When Dory said “just keep swimming” in 2003’s Oscar-winning film Finding Nemo, she could not have imagined what was in store for her (not that she could remember). Ellen DeGeneres, voice of the friendly-but-forgetful blue tang fish, is back in a new big screen adventure diving into theatres this week.
“I have waited for this day for a long, long, long, long, long, long time,” said DeGeneres. “I’m not mad it took this long. I know the people at Pixar were busy creating Toy Story 16. But the time they took was worth it. The script is fantastic. And it has everything I loved about the first one: It’s got a lot of heart, it’s really funny and the best part is – it’s got a lot more Dory.”
Director and Pixar veteran Andrew Stanton takes audiences back to the extraordinary underwater world created in the original film. “There is no Dory without Ellen,” said Stanton. “She won the hearts of moviegoers all over the world – not to mention our team here at Pixar. One thing we couldn’t stop thinking about was why she was all alone in the ocean on the day she met Marlin.
“In Finding Dory, she will be reunited with her loved ones.” Finding Dory takes place about a year after the first film and features returning favourites Marlin, Nemo and the Tank Gang, among others.
– voice of Kaitlin Olson
She may be a clumsy swimmer, but she has a big heart. She has a big everything, actually – whale sharks are the biggest fish in the sea. Destiny resides in the Marine Life Institute, where one day an oddly familiar blue tang named Dory falls into her pool. Destiny is admittedly embarrassed by her obvious lack of grace, a product of poor eyesight, but Dory thinks she swims beautifully. And Dory is delighted to learn that her supersized friend speaks whale, too.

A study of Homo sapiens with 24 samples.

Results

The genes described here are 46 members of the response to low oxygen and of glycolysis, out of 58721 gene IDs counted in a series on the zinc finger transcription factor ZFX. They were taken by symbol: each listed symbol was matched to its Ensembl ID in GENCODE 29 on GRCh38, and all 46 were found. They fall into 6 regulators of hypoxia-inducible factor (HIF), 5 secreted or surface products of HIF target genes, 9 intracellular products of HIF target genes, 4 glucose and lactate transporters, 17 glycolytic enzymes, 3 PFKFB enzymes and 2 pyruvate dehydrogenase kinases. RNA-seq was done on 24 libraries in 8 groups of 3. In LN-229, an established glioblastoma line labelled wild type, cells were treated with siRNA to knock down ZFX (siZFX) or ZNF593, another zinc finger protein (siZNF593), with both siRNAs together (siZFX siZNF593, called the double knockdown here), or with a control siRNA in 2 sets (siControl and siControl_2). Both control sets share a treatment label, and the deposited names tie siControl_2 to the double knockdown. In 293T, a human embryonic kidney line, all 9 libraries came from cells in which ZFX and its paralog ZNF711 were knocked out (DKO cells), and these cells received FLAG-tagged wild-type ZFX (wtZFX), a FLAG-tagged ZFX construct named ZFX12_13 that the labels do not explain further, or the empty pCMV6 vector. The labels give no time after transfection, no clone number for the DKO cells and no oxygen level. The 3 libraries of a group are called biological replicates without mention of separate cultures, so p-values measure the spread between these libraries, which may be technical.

– voice of Ty Burrell
He’s the Marine Life Institute’s (MLI) resident beluga whale who is convinced his biological sonar skills are on the fritz. Doctors at the MLI can’t seem to find anything wrong with him. Bailey’s flair for the dramatic never ceases to push his neighbour’s buttons: whale shark Destiny can’t seem to get through to him, no matter how hard she tries.
– voice of Ed O’Neill
New character Hank is an octopus. Actually, he’s a “septopus”: he lost a tentacle – along with his sense of humour – somewhere along the way. But Hank is just as competent as his eight-armed peers. An accomplished escape artist with camouflaging capabilities to boot, Hank is the first to greet Dory when she finds herself in the Marine Life Institute. But make no mistake: he’s not looking for a friend. Hank is after one thing – a ticket on a transport truck to a cozy Cleveland facility where he’ll be able to enjoy a peaceful life of solitude.
– voice of Ellen DeGeneres
She suffers from short-term memory loss, which normally doesn’t upset her upbeat attitude – until she realises she’s forgotten something big: her family. She’s found a new family in Marlin and Nemo, but she’s haunted by the belief that someone out there is looking for her. Dory may have trouble recalling what she’s searching for, but she won’t give up until she uncovers her past and discovers something else along the way: self-acceptance.
– voice of Albert Brooks
He may have travelled across the ocean once, but that doesn’t mean he wants to do it again. So he doesn’t exactly jump at the opportunity to accompany Dory on a mission to the California coast to track down her family. Marlin, of course, knows how it feels to lose family, and it was Dory who helped him find Nemo. The clownfish may not be funny, but he’s loyal – he realises he has no choice but to pack up his nervous energy and scepticism and embark on yet another adventure, this time to help his friend.
– voice of Hayden Rolence
His harrowing adventure abroad doesn’t seem to have sapped his spirit. In fact, when Dory remembers pieces of her past and longs to take off on an ambitious ocean trek to find her family, Nemo is the first to offer his help. Nemo wholeheartedly believes in Dory. After all, he understands what it’s like to be different.